Next year’s Equity Conference will be CFA’s ninth such conference, and for the first time it will be organized as a project of the Council for Racial and Social Justice. The renaming of CFA’s Council for Affirmative Action reflects the intentional progression of CFA’s Anti-Racism Social Justice Transformation. That transformational work is also visible in the selection of three themes that will be examined at the 2020 Equity Conference: Decolonization, Liberation, Joy and Resistance; Intersectional Continuums of Violence & Power; *(In)/(Hyper)Visibility, all of which are chosen to move us closer to “co-liberation,” the understanding that, just as our experiences of oppression are connected, so too are our struggles for freedoms and our pursuit of a better world.

 “This conference and the key themes that are at its core, will compel members to think long and hard not only about those who are oppressed, but their role in that oppression as well. These will not be easy conversations, but without having them we will never achieve co-liberation. We will never achieve the freedom we envision and experience the joy that such a reality brings with it,” said Sharon Elise, Professor at CSU San Marcos and Equity Conference Co-Chair.

Decolonization, Liberation, Joy and Resistance
Let’s start with a look at Decolonization, Liberation, Joy and Resistance, a theme that advocates the end of settler colonialism and the slave, native, settler categories it structured, and liberation from racial and social oppression. To achieve that goal, it is necessary for us to envision freedom, and to look to sources of joy in cultural expression, in collective struggle, in creativity. Too many times, we have seen declarations of progress and vast change on matters related to anti-racism and social justice, only to see society revert back to its default setting of ignorance and hate. That is why resistance is critical, but vision is also crucial. A vision of decolonization serves our ultimate goal: the dismantling of the oppressive legacy of colonization. Without a vision of the “beloved society” we cannot chart the distance and carve a path to free the land and the people.

Intersectional Continuums of Violence & Power
Although forms of oppression differ, our intersectional identities reveal the connection among these. As we honor and acknowledge the specific contours of our experience and histories, we know that a common thread is our struggle for survival against powerful forces, some driven by hate, some wielding institutional power that results in multiple forms of violence from individual brutality and murder to containment in hypersegregated communities, prisons and detention centers to the violence of poverty and abuse. At a fundamental level, the theme of Intersectional Continuums of Violence & Power is about learning more about and appreciating others’ oppression and using that knowledge and connectedness to fuel our collective fight against it.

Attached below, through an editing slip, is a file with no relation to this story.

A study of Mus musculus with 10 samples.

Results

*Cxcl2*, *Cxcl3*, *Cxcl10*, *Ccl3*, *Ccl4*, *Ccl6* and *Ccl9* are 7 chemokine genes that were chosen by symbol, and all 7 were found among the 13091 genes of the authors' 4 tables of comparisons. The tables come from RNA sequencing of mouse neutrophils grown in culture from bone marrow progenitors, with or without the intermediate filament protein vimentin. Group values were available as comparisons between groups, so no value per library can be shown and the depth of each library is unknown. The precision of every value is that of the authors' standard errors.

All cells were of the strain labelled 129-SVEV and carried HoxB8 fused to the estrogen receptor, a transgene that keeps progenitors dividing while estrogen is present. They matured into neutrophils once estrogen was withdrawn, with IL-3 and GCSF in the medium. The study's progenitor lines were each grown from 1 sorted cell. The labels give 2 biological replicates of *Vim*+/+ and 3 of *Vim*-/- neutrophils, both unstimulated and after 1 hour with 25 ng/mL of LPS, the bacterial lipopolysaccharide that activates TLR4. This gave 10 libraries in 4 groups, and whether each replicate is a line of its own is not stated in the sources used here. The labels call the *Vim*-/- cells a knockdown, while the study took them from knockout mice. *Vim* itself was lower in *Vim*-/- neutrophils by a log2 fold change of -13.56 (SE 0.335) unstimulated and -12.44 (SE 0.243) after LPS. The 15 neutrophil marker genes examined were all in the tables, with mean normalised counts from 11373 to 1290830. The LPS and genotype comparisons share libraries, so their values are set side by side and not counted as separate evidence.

*(In)/(Hyper)Visibility
Seen and surveilled or unseen and ignored? That’s the question at the center of the theme of *(In)/(Hyper)Visibility. Based on our positionality, we may be racially profiled and criminalized and warehoused. Or we may be vanished from sight and conversation, our circumstances and very being ignored. Yet both invisibility and hypervisibility result from forms of dehumanization; they are two sides of the same coin. Instead of contending against each other because these experiences are not the same, this theme calls for us to “connect the dots” that link these different manifestations of oppression based in our social identities that, regardless of their differences, contain and constrain us.  

In urging members to register for the conference, John Beynon, Professor at CSU Fresno and Equity Conference Co-Chair, said “I would like to encourage allCFA members to join us in February for what I believe will be a substantially and deeply intellectual and emotional wake up call for many of us. Our union has done tremendous work on issues related to anti-racism and social justice, but there is so much more that we need to do. And let’s be clear, while we may engage in this important work regularly, the rest of the world does not. So, it’s up to us to be the voice for change and we cannot be that until we first fully confront our own flaws and set in motion a plan to correct them. That’s what this conference is about.”

The 2020 Equity Conference will take place February 28-29 in Manhattan Beach. Members can learn more about the conference, including how to register, by visiting CFA’s Equity Conference webpage.